She wears the pants and mingles with the boys in her class. She takes a lead and recites the lessons to them while standing near the blackboard. The boys repeat in a chorus….’P O T… pot. H O T.. hot’. In a tattered single classroom of the government primary school of village Moda in district Mansa, there seems nothing unusual at the first glance. A glance again and the classroom paints the grim picture of village’s skewed child sex ratio.
Seema (8), the Class 4 girl in the pants, is the only girl in her school. The village, located at the Punjab-Haryana border and dominated by Jatt zamindar community with hardly any SCs/STs, is among the villages with critically low child sex ratio (CSR), with just 389 girls per 1,000 boys as per the latest village-wise survey of children in the age group of 0-6 years.
Mansa district too is under continuous surveillance since ‘Beti Bachao, Beti Padhao’ was launched in the country. But as per the latest child sex ratio (by birth) figures, the CSR, instead of increasing, has dropped steeply 31 points, from 925 last year to 894 now. Meanwhile, Seema, whose parents work as labourers, has her own reasons to complain for being the only girl in her school. “Boys talk to me. We play together.
But more girls would be much better. I have to go washroom alone now. I can talk to her continuously and then she can also help me in rope-skipping. Boys do not show much interest in rope-skipping in my class,” says Seema, whose younger brother Roshan was first sent to a “better” private school but then shifted to government one with Seema.
The dilapidated school building has water-seeped blue walls with paint peeling off and no benches to sit for kids. But a freshly painted logo of ‘Beti Bachao, Beti Padhao’ on its shabby walls points towards a larger problem in the village whose residents say it is “too difficult to educate or marry a girl in their village”.
Inderjit Singh, the head teacher at the school, says, “Of the 11 students in our school, 10 are boys. This says a lot. There is no secondary or high school and for girls after V class, it gets tough to continue studies. Some parents send children to private school. Since I joined in 2012, there have been only eight girl students in five years. Seema tries to mingle with boys, but I can see she feels uncomfortable sometimes. All boys have someone to talk, but she feels alone.” Village residents say girls are a “bigger responsibility with increasing expenditures and lessening income”. Hardly anyone goes for a second child if a boy is born but “chances” have to be taken to have a son, they say.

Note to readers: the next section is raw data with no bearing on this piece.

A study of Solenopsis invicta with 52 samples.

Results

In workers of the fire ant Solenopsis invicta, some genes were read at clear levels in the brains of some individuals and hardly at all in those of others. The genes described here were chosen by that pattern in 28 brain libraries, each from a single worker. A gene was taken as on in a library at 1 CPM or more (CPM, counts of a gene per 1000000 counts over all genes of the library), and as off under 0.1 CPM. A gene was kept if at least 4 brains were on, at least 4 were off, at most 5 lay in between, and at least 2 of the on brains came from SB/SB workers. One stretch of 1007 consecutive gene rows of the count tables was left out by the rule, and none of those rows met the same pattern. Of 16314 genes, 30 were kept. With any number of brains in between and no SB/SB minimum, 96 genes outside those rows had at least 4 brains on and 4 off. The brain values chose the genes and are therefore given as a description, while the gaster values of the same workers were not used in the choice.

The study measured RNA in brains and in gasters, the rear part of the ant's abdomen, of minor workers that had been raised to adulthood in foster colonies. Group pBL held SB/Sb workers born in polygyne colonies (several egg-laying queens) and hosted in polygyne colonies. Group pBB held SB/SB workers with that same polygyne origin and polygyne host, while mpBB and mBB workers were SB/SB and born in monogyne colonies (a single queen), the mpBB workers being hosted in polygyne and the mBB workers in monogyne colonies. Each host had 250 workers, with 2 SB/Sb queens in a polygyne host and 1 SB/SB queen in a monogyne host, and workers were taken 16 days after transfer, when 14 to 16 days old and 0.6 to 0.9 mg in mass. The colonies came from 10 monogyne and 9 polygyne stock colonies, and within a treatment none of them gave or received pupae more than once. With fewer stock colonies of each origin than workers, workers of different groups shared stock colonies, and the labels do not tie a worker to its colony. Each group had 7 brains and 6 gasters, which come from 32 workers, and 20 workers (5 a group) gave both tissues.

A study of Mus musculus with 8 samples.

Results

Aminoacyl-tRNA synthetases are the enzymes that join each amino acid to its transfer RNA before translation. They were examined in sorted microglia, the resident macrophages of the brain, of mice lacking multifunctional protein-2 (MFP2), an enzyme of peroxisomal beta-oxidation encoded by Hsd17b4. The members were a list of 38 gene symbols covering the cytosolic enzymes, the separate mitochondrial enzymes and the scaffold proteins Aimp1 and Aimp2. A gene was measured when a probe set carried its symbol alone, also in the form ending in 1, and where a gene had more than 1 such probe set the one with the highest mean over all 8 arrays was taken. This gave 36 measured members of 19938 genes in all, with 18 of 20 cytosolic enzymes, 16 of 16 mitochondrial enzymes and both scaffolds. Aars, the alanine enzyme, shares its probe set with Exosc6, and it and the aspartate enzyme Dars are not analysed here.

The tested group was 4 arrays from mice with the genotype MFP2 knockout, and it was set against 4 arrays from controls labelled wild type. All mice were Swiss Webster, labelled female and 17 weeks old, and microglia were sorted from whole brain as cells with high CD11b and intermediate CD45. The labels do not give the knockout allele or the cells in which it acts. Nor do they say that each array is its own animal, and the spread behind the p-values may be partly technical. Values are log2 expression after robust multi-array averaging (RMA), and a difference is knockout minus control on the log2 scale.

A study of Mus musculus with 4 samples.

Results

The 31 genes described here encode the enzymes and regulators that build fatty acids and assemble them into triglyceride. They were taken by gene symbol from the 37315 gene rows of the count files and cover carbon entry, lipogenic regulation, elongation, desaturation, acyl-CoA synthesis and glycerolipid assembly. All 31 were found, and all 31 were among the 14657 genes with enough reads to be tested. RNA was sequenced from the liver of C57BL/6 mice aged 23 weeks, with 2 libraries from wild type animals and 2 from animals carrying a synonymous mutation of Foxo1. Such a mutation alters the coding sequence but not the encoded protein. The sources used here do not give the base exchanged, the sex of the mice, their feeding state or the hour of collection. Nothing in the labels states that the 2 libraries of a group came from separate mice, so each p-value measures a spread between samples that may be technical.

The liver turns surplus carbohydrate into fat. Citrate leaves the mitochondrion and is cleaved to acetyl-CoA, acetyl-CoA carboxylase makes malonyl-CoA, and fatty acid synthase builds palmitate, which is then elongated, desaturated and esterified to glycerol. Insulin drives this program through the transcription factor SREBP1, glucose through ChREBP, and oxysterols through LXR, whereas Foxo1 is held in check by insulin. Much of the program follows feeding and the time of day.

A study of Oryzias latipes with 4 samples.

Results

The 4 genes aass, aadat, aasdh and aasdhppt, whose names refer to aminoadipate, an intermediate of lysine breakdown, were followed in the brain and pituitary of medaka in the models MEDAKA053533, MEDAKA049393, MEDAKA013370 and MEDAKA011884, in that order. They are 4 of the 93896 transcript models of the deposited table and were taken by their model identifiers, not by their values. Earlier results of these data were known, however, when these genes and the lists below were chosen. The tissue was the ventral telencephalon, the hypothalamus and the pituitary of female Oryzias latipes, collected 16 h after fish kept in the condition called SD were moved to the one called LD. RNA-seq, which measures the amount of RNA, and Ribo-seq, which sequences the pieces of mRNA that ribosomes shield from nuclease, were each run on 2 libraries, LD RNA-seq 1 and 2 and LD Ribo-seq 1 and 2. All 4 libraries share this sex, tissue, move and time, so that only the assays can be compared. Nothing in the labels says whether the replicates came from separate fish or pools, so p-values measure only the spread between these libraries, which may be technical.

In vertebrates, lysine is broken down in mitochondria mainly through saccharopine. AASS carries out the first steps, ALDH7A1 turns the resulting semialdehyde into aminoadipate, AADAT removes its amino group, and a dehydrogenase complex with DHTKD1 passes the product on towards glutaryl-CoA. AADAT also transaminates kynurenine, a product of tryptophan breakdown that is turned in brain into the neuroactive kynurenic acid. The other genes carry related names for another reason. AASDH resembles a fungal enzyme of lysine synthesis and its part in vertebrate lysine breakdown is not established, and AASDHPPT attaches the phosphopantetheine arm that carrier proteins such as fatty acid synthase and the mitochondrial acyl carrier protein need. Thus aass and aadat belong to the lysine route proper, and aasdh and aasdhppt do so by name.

In the list of reasons that villagers here list to have a boy include: Who will take care of ancestral property after our death? Who will take family’s name forward? How can we see the family’s name and existence getting vanished from the village… and more. Balwinder Singh (41), having two daughters aged 16 and 14 and a son aged 7, says that “with increasing expenditure, smaller land holdings and no scope in village for girl’s education, it is harder to raise a girl here”.
“Let me talk like Jatts now, loud and clear. There is no reason to hide or manipulate anything. Yes, I went for third child after two girls because I wanted a son. We need at least Rs 20 lakh for dowry if a girl has to be married. Even getting a girl educated here is so difficult. Girls have to go Mansa for higher education. Who will carry forward our vansh if there is no son. Pigeons will occupy my home after my death,” he says.
“A secondary school for girls in Fatehpur, 2 kilometres from here, has started this year only. Otherwise a private one in Jhunir is 10 kilometres away. For college, girls have to go to district headquarters Mansa, travelling 35 kms. Then there is no bus service. So, hardly any girls went out to study after Class V earlier,” says Bintu Singh. Also, there is no health centre or any nursing home and pregnant women travel far for deliveries. “No one in our village goes for a child after a boy. They keep on having children if a girl is born till there is no boy. This is how it is. It’s not that people here hate daughters, but then everyone definitely wants a son,” adds Bintu.
70-year old Rani Kaur, a caretaker at village aangwandi, repents not having a “son” after four daughters. “Had there been a son, I would not have been slogging at this age,” she says. Recently, the district administration under ‘Beti Bachao, Beti Padhao’ campaign pasted stickers at the gates of each home saying ‘Dheeyan Puttar Ikk Samaan, Dowein kudrat da vardaan’ (Both sons and daughters are gifts of God). The village sarpanch and his two brothers had four daughters followed by a son each. But he blames ‘nature’ for skewed sex ratio in village. “Recently, more of boys have been born in our village. Otherwise, there is nothing wrong with our people. We are a small village with just 70 households,” says Sandeep, who has studied till class VIII.
His mother Jaspal Kaur, 60, says she accepted her four grand-daughters happily but certainly wanted their parents to go for another baby. “Jo bhagwaan ne deta theek hai.(It is okay whatever God gave us). We never differentiated between the children. But luckily, my three sons had boys after girls. We had more boys born in village recently,” she says.
The district administration has prepared a list of reasons prepared for low CSR in Mansa which includes: age-old preference for male child, dowry, pyre lighting by male child, mindset that girls are ‘paraaya dhan’, patrilineal inheritance, increasing expenditure on girl’s marriage and sex-determination tests by doctors. Deputy commissioner Mansa Dharampal Gupta says, “Lack of awareness is the only reason for low CSR in Mansa. There is no other reason. Change is happening and soon it will be visible in numbers too. We have intensified Beti Bachao campaign and parents of newborn girls are being honored.”